I’m too sexy for my shirt

Ben Freeman considers the perils of overt sexual imagery in the fashion industry

The fashion industry is unarguably one of the most sexually charged arenas in the world (trumped only by the steel miners, of course), but does the use of nudity and sexual images cheapen fashion advertising? It is difficult to open a magazine without being confronted with suggestive images, breast and occasionally even (gasp) a penis! Is this liberalisation of imagery a good thing, or are we being desensitised to shocking images?

It is important to note that this trend is not a modern one. The 1970s saw the first sexualisation of fashion as the mods of the 60s had gone the same way as the blondes of the 50s. This new age was the era where sexual beasts dominated the industry in the shape of Janice Dickinson and Gia Carangi. The next generation of supers saw voluptuous beauties such as Claudia Schiffer, Cindy Crawford et al. Who can forget the shot of Claudia Schiffer nude on the beach — sexy and glamorous, still oozing an arty air of class.

Today, nudity in advertising and fashion magazines has progressed, offering a plethora of nude images from the fashion industry, each seeming to raise the shock value bar on the last. Tom Ford is a prime example, using both full frontal female and male nudes to advertise his wears. Established brands such as Chanel use nudity to advertise their jewellery, and the Grand old Dame of fashion Vivienne Westwood sent topless models sashaying down the catwalk at this year’s London Fashion Week.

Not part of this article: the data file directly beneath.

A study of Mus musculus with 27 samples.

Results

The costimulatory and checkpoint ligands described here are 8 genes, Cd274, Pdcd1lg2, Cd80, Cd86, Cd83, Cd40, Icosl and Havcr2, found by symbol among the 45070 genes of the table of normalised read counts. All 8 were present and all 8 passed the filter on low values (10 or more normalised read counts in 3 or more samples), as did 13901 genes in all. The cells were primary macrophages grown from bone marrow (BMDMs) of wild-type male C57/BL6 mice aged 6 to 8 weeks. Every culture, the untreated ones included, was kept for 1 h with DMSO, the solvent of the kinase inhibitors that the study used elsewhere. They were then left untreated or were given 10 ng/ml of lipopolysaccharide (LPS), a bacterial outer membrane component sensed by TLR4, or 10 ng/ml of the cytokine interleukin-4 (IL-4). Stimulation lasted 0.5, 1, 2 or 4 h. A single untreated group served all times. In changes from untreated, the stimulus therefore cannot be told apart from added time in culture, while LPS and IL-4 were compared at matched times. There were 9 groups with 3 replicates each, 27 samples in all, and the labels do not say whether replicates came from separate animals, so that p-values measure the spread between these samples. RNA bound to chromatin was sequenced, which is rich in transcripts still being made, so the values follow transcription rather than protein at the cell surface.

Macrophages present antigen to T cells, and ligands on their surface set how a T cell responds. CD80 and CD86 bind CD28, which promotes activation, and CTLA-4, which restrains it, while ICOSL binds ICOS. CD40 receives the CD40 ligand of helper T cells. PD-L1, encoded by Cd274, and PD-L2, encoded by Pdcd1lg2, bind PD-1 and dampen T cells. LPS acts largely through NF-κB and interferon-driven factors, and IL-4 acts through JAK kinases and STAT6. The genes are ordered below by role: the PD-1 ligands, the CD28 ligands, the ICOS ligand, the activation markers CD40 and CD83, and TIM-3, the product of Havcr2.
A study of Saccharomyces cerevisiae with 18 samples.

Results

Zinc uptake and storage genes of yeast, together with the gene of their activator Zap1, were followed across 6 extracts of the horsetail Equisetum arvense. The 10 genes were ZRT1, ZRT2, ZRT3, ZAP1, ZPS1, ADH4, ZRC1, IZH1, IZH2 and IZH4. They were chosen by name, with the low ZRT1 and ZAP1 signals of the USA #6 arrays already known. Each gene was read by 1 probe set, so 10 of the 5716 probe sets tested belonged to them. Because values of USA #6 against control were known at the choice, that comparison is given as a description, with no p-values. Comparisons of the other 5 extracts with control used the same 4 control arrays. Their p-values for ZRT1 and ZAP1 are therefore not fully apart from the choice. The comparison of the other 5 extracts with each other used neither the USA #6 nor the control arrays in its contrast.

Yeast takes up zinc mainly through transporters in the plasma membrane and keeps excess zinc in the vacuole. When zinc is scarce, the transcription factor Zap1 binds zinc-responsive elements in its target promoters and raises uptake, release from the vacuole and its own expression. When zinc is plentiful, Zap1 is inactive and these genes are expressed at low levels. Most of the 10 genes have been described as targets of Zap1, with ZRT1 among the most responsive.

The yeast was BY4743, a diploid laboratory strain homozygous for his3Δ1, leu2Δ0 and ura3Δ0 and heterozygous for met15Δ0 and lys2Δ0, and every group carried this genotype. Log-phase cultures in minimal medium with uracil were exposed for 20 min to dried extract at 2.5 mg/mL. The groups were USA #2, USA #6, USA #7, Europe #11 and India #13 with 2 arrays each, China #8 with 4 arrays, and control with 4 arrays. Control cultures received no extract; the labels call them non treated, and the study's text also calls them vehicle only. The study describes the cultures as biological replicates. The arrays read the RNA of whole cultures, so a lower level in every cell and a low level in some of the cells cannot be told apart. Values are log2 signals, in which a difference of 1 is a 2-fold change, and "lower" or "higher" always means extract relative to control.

Although Ford’s images are shocking — and to some, obscene — they do still evoke a form of glamour, separating soft porn from art and summing up the heart of the matter. I don’t really care if I’m looking at nubile bodies engaged in a sexual act or a beautiful suit as long as they are glamorous and are photographed well.

However, how does one judge brands using sexually explicit images that aren’t particularly glam? For me. American Apparel (AA) is in the docks over this issue. Their campaigns feature young girls scantily clad, splayed in compromising positions. But if Gucci or Tom Ford can get away with it then why can’t AA? Well, because AA’s images aren’t beautiful or glamorous. In fact they are kind of seedy. The girls featured — deliberately chosen for their borderline, age-of-consent appearance — often look like drug addicts in a dirty bedsit.

Their pictures create an air of amateur pornography, making adverts that, though apparently devoid of tasteful glamour, succeed in generating a powerfully gritty, sexual image for the brand. That attitude explains why David Beckham’s Armani shots are amazing; he looks H-O-T and the campaign is completely glamorous. And that, my friends, is where the difference lies. The key to credibility is all in the context.